I haven’t had guest bloggers on Rasa Malaysia for a while, and am very happy to have Trissa of Trissalicious as a guest writer today. Trissa is one of my recipe testers and certainly one of the most trusted ones (thanks so much for your help!). Her passion in food can be seen on her gorgeous food blog Trissalicious. In this post, Trissa shares a classic Filipino recipe—Shrimp Sinigang. I have always wanted to learn more about Filipino cuisine, and Shrimp Sinigang is very high on my list. Imagine big, fresh, succulent shrimp swimming in a savory, sweet, and sour broth…the thought of it instantly sets my mouth watering. Please give your warmest welcome to Trissalicious.
Pucker up with Shrimp Sinigang…
Sour, salty, with a hint of sweet and bitter, Sinigang is one of the Philippine’s most loved dishes. In fact, the late Doreen Fernandez, who was one of the most respected food writers in the Philippines once argued that sinigang, rather than adobo should be considered the national dish of the Philippines, after all, Filipinos are the champion lovers of sourness…
Sinigang is a soup whose flavor is soured with fruits abundant in the Philippines like tamarind, guava, green mangoes or bilimbi (kamias). The dish is easily adaptable depending on what protein is on hand, but most frequently made with pork, beef, or prawns. The soup is also rich in vegetables that are easily available in the Philippines like daikon, eggplants, snake beans and water spinach.
Despite sinigang being one of my favorite comfort foods, I’m embarrassed to admit that I’ve always used a mix to make it. Every time my parents visit from the Philippines they bring me a care package which includes packets of “instant sinigang mix”. So it was definitely with a mix of excitement and apprehension that I attempted this dish from scratch. To create that signature sourness I chose tamarind. As a fruit it is quite difficult to come by overseas but tamarind pulp is readily available in Asian groceries. To make the base of the soup, tamarind pulp is soaked in hot water for a few minutes and then mashed, strained and added to the pot.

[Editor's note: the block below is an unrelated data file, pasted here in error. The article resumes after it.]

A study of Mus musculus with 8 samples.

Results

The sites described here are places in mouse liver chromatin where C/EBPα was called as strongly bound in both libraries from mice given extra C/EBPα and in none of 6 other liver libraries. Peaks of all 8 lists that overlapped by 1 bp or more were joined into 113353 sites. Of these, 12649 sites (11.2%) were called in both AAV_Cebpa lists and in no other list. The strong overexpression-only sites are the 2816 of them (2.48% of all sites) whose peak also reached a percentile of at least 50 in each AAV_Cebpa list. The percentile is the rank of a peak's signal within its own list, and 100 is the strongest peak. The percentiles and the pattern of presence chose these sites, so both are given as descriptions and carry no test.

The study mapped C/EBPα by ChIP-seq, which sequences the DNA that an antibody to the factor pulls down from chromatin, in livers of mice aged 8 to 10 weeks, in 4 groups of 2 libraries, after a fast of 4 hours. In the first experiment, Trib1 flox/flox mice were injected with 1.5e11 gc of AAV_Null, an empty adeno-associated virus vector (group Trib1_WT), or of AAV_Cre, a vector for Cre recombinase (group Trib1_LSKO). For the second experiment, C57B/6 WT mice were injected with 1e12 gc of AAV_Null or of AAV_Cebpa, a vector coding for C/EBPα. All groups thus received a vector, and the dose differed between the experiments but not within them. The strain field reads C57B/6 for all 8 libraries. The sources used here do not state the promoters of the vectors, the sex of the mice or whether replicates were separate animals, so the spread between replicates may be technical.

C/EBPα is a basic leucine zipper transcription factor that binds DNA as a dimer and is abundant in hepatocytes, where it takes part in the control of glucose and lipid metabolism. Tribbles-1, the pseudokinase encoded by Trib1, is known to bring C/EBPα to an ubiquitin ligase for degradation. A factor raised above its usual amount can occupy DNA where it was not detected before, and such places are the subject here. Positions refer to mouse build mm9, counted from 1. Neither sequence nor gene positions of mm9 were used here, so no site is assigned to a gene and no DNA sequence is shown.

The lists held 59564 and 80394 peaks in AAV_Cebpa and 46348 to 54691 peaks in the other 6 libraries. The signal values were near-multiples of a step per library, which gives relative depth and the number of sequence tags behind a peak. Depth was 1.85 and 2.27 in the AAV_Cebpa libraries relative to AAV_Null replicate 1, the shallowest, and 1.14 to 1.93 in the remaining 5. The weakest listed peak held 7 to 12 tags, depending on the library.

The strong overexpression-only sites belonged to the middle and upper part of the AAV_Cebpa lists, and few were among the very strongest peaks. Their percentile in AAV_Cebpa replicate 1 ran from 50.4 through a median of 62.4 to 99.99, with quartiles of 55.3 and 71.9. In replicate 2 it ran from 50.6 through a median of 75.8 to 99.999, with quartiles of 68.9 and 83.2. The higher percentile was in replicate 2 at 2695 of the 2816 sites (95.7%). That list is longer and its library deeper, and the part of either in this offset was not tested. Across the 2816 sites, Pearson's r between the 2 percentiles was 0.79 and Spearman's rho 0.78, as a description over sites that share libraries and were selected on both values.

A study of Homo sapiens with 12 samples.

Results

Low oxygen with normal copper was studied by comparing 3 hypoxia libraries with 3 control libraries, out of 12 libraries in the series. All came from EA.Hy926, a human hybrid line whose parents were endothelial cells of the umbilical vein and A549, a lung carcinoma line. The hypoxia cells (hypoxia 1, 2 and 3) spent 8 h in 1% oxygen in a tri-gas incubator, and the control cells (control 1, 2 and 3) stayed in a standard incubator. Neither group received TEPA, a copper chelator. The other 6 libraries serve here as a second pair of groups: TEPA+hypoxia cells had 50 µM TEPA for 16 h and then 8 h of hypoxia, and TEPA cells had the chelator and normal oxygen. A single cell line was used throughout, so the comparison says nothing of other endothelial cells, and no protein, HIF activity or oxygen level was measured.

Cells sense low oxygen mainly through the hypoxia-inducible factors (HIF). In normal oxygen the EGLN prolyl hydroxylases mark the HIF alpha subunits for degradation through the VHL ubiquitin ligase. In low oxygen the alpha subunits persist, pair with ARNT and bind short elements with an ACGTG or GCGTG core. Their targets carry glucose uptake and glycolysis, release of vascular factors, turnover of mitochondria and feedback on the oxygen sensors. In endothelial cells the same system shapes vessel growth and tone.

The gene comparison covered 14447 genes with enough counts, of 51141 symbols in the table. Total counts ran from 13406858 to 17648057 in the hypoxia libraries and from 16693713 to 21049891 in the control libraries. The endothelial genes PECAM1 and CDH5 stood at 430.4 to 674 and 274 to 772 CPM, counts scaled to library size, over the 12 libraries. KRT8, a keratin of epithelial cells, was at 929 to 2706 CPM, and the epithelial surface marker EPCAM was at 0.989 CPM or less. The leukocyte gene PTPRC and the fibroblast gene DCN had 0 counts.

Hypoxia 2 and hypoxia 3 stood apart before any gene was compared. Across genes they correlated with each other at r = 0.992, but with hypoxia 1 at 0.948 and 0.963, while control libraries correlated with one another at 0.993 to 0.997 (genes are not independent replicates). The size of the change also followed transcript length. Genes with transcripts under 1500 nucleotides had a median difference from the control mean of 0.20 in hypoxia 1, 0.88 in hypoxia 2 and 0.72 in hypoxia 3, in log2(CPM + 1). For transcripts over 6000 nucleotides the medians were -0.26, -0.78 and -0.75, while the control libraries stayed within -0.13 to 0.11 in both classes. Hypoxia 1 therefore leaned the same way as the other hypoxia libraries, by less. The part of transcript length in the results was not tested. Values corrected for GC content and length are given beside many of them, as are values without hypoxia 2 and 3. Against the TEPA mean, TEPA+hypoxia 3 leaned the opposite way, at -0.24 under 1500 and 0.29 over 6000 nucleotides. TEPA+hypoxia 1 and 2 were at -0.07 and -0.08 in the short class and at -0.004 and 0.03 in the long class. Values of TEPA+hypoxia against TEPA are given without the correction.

Sinigang is never complete without a bowl of steaming white rice and what we refer to as sawsawan, a dipping sauce made with fish sauce, calamansi and a bit of chili. Together, with the rice, you have a complete dish.
I am grateful to Bee for giving me this opportunity to share with you a dish that is distinct to the Filipino palate and yet appeals to everyone else. What started out as a quest to create sinigang from scratch has made me more proud than ever of my wonderful cuisine.
Sour, salty, with a hint of sweet and bitter… this dish takes me back to the Philippines every single time.